Veterinary innovation in North America – challenges and opportunities
Adam Little, Director of Veterinary Innovation and Entrepreneurship at Texas A&M University, remarked that the coming decade will bring more change to the veterinary arena than has been seen over the past 50 years combined. An overwhelming amount of change is already happening he said, and he believed that, ultimately, change will be for the better.
He discussed four factors that will influence the veterinary field in the next 10 years.
- People’s evolving relationship with pets
- Empowered consumers
- Innovation on the fringes
- The profession’s response
Considering each in turn, he said that, nowadays, people were increasingly ‘humanising’ their animals and have closer relationships with their pets than ever before. They are prepared to spend more money on their pets. This in turn changes their expectations of the services available for their pets and the way they build relationships with the people providing such services. They need support, and businesses are springing up to meet this need.
the coming decade will bring more change to the veterinary arena than has been seen over the past 50 years combined. An overwhelming amount of change is already happening he said, and he believed that, ultimately, change will be for the better.
He described various new technologies – including trackers and remote monitoring systems – that are changing the relationship between people and pets.
Turning to the empowerment of consumers, he discussed the importance of engaging with the digital world. Technology will unlock new models of service delivery; for example, voice-activated artificial intelligence-based systems, such as Siri and Alexa, are now at a point where they are becoming really useful, he said.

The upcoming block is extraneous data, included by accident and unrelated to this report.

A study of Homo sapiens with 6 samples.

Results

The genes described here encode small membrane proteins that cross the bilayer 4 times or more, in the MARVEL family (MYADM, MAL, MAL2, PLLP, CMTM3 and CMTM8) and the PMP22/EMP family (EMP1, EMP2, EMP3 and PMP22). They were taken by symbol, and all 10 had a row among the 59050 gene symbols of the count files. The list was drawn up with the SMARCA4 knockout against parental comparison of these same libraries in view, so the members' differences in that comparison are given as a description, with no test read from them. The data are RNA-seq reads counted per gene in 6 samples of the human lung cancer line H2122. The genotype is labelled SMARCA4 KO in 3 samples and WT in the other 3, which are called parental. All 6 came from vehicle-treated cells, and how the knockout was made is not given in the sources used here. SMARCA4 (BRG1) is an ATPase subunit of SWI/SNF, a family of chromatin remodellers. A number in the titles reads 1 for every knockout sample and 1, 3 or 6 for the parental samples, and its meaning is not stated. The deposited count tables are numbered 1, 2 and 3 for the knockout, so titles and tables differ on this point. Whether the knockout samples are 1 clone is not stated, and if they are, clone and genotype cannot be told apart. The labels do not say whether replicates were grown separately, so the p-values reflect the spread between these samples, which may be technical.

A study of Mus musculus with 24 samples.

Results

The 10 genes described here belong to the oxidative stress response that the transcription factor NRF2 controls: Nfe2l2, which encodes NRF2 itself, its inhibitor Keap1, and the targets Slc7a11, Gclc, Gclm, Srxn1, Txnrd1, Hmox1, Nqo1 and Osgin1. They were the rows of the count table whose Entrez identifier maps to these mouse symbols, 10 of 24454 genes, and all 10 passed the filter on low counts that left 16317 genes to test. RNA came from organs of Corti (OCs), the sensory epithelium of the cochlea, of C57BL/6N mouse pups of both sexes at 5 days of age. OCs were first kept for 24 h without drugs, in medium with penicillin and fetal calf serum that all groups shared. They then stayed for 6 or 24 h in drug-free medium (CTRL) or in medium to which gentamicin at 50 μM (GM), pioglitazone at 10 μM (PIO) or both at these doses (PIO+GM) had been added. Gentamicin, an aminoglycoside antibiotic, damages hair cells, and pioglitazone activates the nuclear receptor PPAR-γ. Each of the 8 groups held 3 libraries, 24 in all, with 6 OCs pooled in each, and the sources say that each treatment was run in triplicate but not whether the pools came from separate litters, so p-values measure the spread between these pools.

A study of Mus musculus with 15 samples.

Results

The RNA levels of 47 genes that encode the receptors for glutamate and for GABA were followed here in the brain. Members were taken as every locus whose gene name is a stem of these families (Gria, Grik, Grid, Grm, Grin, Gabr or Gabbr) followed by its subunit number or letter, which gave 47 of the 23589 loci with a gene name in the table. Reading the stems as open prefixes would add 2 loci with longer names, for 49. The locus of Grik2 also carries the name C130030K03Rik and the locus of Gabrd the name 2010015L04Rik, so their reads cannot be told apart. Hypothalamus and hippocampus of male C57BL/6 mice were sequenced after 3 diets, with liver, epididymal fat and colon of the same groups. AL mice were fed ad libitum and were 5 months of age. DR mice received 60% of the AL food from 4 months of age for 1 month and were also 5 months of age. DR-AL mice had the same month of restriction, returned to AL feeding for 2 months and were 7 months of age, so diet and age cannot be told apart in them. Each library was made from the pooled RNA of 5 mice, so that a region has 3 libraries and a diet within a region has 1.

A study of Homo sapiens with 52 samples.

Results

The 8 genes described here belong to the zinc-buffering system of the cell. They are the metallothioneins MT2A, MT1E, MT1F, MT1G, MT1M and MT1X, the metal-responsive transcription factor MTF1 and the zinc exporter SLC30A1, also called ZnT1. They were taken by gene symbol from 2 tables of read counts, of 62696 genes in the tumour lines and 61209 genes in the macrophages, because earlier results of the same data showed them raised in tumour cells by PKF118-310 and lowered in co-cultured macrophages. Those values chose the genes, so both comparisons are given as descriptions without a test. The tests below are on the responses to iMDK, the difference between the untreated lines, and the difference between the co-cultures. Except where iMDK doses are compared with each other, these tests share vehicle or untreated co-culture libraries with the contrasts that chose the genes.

As a result, people are becoming used to seeking help from these systems. So if a speaker in the home becomes the first point of advice for owners when they have health concerns about their pet, or need products or services, how will vets persuade them to come into a clinic?
Augmented reality is also developing rapidly and being used for a number of healthcare applications.
Customers will expect more robust, connected experiences, with their digital experiences shaping their ‘real life’ ones.
Innovation on the fringes occurs when new technologies develop to meet existing as well as perceived needs – examples include PayPal, Uber, Airbnb and Tesla. Each has fundamentally changed the field in which it operates and each caused significant disruption to its respective market.
Large companies can find it hard to adapt to innovative developments because their business models cannot be changed quickly, he said. As a result, many are now building innovation into their business models, looking at new ways of meeting consumers’ needs.
Machine learning technology is already being used to support decision making by doctors. Similar systems must be developed for the veterinary profession too, he suggested, to ensure that all vets have access to the support they need.
So how might the profession make the transition to the future? Current veterinary models of care are not built for the technology-rich future, he warned, and clinics might struggle to adapt. New service delivery models are already emerging, including virtual veterinary services, on-demand models and mobile veterinary services, but these are bringing issues around regulation, something that regulators and veterinary organisations around the world are struggling with.
So, the profession has to understand the forces that are constraining it, but also the opportunities that are being presented. It must be aware of the rapidity of change and of the products and solutions that may upgrade existing practices and unlock new models of care. It must also ensure that training is available to help vets engage in areas of rapid growth.
New service delivery models are already emerging, including virtual veterinary services, on-demand models and mobile veterinary services, but these are bringing issues around regulation, something that regulators and veterinary organisations around the world are struggling with.
It is not a matter of trying to hold back progress but of trying to figure out how to manage it, he said.